As originally reported in Deadline Hollywood, "At the Post, a redesign of the features section now ghettoizes arts coverage to Fridays," which is described as "odd since Riedel is the Page Six of theater news, followed and love-hated by the most powerful people on the New York/Hollywood entertainment axis. (He will, however, get a full page to work with, I’m told.)"
Contacted for comment by Playbill.com, Riedel confirmed the change and said, "I'm getting a whole page on Friday, so I'm happy about the changes. It's all part of a redesign of the features pages. If there's any 'breaking news,' I'll get it on the website and in the paper the next day."
The change came just over a week before the publication of his new book on the modern history of Broadway, "Razzle Dazzle: The Battle for Broadway," due Oct. 6 from Simon & Schuster.
The move is apparently part of a trend at New York's two daily tabloids, the Post and the News, which have been reducing arts coverage in the past few weeks.
Riedel also co-hosts the PBS talk show "Theater Talk." "Razzle Dazzle," according to Amazon.com, is a "provocative, no-holds-barred narrative account of the people and the money and the power that re-invented an iconic quarter of New York City, turning its gritty back alleys and sex-shops into the glitzy, dazzling Great White Way—and bringing a crippled New York from the brink of bankruptcy to its glittering glory.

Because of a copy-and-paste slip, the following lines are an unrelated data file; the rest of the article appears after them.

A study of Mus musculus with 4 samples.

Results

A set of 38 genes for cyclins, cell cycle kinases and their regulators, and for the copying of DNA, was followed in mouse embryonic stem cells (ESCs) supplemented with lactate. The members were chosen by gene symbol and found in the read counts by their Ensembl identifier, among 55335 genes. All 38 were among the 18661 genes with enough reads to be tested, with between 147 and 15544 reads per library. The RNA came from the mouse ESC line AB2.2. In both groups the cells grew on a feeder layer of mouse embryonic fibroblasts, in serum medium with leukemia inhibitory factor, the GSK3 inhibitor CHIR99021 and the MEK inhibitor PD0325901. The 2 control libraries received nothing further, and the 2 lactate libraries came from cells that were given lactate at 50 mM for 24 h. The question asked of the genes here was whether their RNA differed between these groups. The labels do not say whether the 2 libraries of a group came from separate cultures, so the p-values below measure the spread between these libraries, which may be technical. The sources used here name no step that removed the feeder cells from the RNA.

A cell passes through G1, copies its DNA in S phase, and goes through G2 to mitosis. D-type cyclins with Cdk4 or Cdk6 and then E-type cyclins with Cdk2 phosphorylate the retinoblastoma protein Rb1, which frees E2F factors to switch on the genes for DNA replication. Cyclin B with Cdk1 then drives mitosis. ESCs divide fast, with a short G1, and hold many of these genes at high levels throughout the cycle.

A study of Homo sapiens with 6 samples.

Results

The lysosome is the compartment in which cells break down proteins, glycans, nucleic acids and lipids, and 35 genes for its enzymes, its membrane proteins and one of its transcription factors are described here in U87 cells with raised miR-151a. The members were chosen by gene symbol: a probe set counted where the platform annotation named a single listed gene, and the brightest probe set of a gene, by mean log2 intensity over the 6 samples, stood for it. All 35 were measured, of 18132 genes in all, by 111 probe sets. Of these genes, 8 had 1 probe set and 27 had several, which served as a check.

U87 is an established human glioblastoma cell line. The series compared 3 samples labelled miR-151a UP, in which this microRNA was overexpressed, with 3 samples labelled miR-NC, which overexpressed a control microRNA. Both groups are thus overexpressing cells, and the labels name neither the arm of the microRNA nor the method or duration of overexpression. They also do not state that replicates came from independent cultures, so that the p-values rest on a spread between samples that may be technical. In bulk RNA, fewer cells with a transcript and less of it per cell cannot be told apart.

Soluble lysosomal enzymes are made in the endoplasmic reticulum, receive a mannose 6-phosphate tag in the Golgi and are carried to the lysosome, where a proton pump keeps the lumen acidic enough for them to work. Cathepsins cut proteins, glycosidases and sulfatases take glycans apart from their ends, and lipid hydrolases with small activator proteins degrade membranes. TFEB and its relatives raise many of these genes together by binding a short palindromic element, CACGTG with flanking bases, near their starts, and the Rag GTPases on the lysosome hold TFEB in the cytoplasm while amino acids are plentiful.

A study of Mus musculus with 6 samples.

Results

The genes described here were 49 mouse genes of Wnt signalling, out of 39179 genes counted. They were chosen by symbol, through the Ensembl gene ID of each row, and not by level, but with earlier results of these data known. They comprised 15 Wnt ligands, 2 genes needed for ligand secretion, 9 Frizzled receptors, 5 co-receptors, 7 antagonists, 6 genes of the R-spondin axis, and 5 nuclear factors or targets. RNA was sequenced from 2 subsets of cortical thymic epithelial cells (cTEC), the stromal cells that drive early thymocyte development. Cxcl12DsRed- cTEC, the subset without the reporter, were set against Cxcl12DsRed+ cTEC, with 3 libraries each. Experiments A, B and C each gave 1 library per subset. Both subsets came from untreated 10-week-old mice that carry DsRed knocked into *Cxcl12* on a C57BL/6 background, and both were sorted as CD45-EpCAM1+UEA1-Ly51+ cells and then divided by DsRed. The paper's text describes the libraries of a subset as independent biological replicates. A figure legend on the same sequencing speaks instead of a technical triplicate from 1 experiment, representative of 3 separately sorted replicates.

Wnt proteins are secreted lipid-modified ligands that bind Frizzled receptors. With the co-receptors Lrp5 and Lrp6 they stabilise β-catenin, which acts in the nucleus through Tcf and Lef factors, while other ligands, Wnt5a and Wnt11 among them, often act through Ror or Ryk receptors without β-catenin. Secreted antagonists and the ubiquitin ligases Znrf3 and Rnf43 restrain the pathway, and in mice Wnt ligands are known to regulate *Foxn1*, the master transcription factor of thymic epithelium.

"In the mid-1970s Times Square was the seedy symbol of New York’s economic decline. Its once shining star, the renowned Shubert Organization, was losing theaters to make way for parking lots. Bernard Jacobs and Jerry Schoenfeld, two ambitious board members, saw the crumbling company was ripe for takeover and staged a coup amidst corporate intrigue, personal betrayals, and criminal investigations. Once Jacobs and Schoenfeld solidified their power, they turned a collapsed theater-owning holding company into one of the most successful entertainment empires in the world, ultimately backing many of Broadway’s biggest hits, including A Chorus Line, Cats, Les Miserables, Phantom of the Opera, and Mamma Mia! They also sparked the revitalization of Broadway and the renewal of Times Square."